East Lyme - Schools Superintendent James Lombardo said Friday that the closing of Niantic Center School is just one of three possibilities identified by a committee of more than two dozen people that looked into the town's deteriorating elementary schools.
If the Board of Education votes to approve this option, he added, the other two elementary schools in town - Flanders and Lillie B. Haynes - would be renovated extensively and possibly expanded.
Speaking during the Chamber of Commerce of Eastern Connecticut's "State of East Lyme," Lombardo said the alternatives include the renovation of all three schools as new or the closing of all three buildings and the construction of a new elementary school complex at a different site.
"Architects are putting together estimates on the three options, which range from the simplest to ... the most sublime," Lombardo told the about 75 attendees at the Town Hall gathering.
Niantic Center is the oldest school in town and the one most in need of repairs, according to Lombardo. It would require the replacement of all its windows, many of which have rotted casements and plastic liners to keep out the drafts. But he said all of the school system's elementary schools are in need of work, ranging from aesthetic problems such as mismatched tiles in bathrooms to structural concerns such as brick exteriors separating from building structures.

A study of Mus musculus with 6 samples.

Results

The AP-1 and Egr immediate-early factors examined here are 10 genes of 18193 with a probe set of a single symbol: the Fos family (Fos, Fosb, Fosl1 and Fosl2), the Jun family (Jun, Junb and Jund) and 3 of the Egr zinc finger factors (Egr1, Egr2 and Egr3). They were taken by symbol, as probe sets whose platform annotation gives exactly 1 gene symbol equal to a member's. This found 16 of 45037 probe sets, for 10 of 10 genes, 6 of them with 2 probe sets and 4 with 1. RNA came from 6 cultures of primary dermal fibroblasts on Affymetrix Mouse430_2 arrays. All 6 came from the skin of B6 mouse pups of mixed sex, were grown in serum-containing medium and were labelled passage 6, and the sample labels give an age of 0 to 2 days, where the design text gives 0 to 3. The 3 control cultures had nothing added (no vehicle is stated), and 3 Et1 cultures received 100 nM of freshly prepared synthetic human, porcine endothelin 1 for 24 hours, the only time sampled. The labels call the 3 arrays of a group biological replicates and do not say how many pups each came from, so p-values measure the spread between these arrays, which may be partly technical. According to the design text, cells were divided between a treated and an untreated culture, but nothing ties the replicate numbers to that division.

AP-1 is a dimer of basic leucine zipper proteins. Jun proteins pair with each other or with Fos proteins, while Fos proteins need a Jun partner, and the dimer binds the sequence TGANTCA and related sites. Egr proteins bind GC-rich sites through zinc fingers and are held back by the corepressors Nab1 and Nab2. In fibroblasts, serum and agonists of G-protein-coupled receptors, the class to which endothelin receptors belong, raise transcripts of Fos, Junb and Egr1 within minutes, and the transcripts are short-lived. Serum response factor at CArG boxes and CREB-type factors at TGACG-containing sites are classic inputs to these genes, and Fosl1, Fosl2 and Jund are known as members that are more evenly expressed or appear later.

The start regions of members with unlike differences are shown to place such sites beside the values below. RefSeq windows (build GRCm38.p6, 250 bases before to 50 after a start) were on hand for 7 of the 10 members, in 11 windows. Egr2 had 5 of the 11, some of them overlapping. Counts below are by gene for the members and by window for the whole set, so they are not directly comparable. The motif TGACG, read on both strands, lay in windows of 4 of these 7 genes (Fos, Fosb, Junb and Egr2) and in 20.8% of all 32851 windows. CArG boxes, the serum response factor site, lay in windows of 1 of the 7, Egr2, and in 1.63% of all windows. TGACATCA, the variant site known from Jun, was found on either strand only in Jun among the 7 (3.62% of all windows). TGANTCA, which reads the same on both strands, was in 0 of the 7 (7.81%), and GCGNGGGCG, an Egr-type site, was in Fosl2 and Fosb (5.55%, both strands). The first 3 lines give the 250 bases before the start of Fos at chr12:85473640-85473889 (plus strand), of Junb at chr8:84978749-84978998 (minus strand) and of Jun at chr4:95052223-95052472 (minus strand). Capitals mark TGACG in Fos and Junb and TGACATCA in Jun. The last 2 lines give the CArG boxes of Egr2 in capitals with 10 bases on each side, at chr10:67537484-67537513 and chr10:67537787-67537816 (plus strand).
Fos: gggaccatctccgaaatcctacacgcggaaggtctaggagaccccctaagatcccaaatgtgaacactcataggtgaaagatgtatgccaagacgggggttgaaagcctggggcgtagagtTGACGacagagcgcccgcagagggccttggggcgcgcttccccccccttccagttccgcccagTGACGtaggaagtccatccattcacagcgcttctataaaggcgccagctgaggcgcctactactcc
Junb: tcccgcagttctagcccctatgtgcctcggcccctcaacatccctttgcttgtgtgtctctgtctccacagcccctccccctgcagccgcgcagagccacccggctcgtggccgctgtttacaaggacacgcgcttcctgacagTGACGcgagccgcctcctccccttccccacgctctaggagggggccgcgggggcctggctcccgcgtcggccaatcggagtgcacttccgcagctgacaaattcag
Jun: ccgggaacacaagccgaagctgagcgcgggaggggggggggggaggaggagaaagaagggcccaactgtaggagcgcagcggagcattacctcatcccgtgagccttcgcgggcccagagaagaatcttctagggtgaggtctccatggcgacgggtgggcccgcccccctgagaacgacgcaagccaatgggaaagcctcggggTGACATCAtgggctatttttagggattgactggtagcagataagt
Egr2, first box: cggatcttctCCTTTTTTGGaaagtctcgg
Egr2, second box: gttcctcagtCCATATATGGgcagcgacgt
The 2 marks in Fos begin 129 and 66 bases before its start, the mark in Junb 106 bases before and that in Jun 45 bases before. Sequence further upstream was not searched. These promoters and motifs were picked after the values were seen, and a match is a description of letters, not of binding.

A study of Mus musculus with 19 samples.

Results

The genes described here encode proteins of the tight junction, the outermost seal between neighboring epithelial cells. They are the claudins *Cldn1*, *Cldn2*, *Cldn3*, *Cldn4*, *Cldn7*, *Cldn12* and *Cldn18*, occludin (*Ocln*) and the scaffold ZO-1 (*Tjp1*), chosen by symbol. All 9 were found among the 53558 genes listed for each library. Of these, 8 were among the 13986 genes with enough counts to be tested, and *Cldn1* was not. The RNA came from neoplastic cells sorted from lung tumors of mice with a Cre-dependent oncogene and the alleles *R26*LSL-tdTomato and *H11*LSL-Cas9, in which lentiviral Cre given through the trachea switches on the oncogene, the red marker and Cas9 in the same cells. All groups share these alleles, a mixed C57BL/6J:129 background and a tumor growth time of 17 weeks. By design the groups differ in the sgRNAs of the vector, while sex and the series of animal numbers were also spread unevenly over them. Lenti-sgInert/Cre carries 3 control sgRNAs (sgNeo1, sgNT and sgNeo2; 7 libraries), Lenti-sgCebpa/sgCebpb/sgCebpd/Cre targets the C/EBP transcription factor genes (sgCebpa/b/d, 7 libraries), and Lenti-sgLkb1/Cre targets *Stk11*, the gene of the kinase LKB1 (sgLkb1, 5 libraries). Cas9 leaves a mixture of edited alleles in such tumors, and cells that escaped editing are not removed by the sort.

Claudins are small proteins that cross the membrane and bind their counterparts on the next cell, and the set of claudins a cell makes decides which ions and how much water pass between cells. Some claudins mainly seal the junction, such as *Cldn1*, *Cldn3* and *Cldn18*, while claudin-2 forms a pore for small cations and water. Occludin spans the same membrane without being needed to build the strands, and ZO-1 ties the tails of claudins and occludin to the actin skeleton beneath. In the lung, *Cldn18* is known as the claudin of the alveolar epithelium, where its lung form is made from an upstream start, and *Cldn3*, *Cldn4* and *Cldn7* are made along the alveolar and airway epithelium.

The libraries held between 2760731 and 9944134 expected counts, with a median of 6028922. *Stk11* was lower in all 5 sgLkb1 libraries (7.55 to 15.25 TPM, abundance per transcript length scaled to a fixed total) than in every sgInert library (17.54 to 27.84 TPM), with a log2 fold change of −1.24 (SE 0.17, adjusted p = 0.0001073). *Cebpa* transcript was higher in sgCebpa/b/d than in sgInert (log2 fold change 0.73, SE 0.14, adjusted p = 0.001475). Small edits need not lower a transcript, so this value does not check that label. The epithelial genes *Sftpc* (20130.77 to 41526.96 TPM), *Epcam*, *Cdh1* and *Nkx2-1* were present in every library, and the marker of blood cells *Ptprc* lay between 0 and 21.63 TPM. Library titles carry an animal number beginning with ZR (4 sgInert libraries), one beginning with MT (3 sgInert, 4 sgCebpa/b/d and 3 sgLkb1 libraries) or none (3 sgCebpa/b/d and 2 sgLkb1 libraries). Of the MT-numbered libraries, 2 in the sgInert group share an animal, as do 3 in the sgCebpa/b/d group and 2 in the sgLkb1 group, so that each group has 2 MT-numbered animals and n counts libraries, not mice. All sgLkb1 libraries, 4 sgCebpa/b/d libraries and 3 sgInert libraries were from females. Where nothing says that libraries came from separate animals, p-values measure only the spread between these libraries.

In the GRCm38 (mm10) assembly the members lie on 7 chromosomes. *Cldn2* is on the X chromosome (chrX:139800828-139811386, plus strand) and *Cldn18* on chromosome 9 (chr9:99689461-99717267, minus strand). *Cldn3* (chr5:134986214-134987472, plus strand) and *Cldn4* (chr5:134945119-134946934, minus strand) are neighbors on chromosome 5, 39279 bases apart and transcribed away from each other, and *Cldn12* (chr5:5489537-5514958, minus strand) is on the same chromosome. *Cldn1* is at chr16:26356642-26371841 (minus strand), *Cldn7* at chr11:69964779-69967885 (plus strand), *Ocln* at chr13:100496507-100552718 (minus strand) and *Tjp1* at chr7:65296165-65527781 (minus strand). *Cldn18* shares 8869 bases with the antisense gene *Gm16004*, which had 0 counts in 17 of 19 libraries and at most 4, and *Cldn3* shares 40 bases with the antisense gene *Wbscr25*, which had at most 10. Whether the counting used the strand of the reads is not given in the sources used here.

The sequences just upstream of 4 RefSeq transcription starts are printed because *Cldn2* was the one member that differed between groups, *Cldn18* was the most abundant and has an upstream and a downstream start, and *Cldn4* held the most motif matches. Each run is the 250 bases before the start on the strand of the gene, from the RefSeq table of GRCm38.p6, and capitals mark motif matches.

Lombardo said he expects to hold community forums near the beginning of the next school year to outline school problems and solicit comments from students, staff and parents about which option is most palatable. By then, he expects to have firm estimates on the cost of each option, he said.
The school board ultimately will have to decide how it wants to proceed, but any option likely would be voted on at referendum.
"We know we have to do something," Lombardo said. "There is no plan to discontinue any school at this point."
The town also has been doing something about its programs for those requiring alternative education, he reported, reducing typical costs of $25,000 to $30,000 per pupil to about $18,000 per pupil. At the same time, attendance among this population has increased from 50 percent to 97 percent - better than for the rest of the school population, he said.
The town also has been saving money, according to First Selectman Paul Formica. Formica said East Lyme has kept its average budget increase just above 1 percent annually over the past four years. In addition, $2.5 million has been restored to the town's rainy-day fund over the same period, he said.
A referendum on the current town budget proposal - a 1.4 percent increase over this year's expenditures - will be held from 6 a.m. to 8 p.m. May 14 at the East Lyme Community Center and East Lyme High School.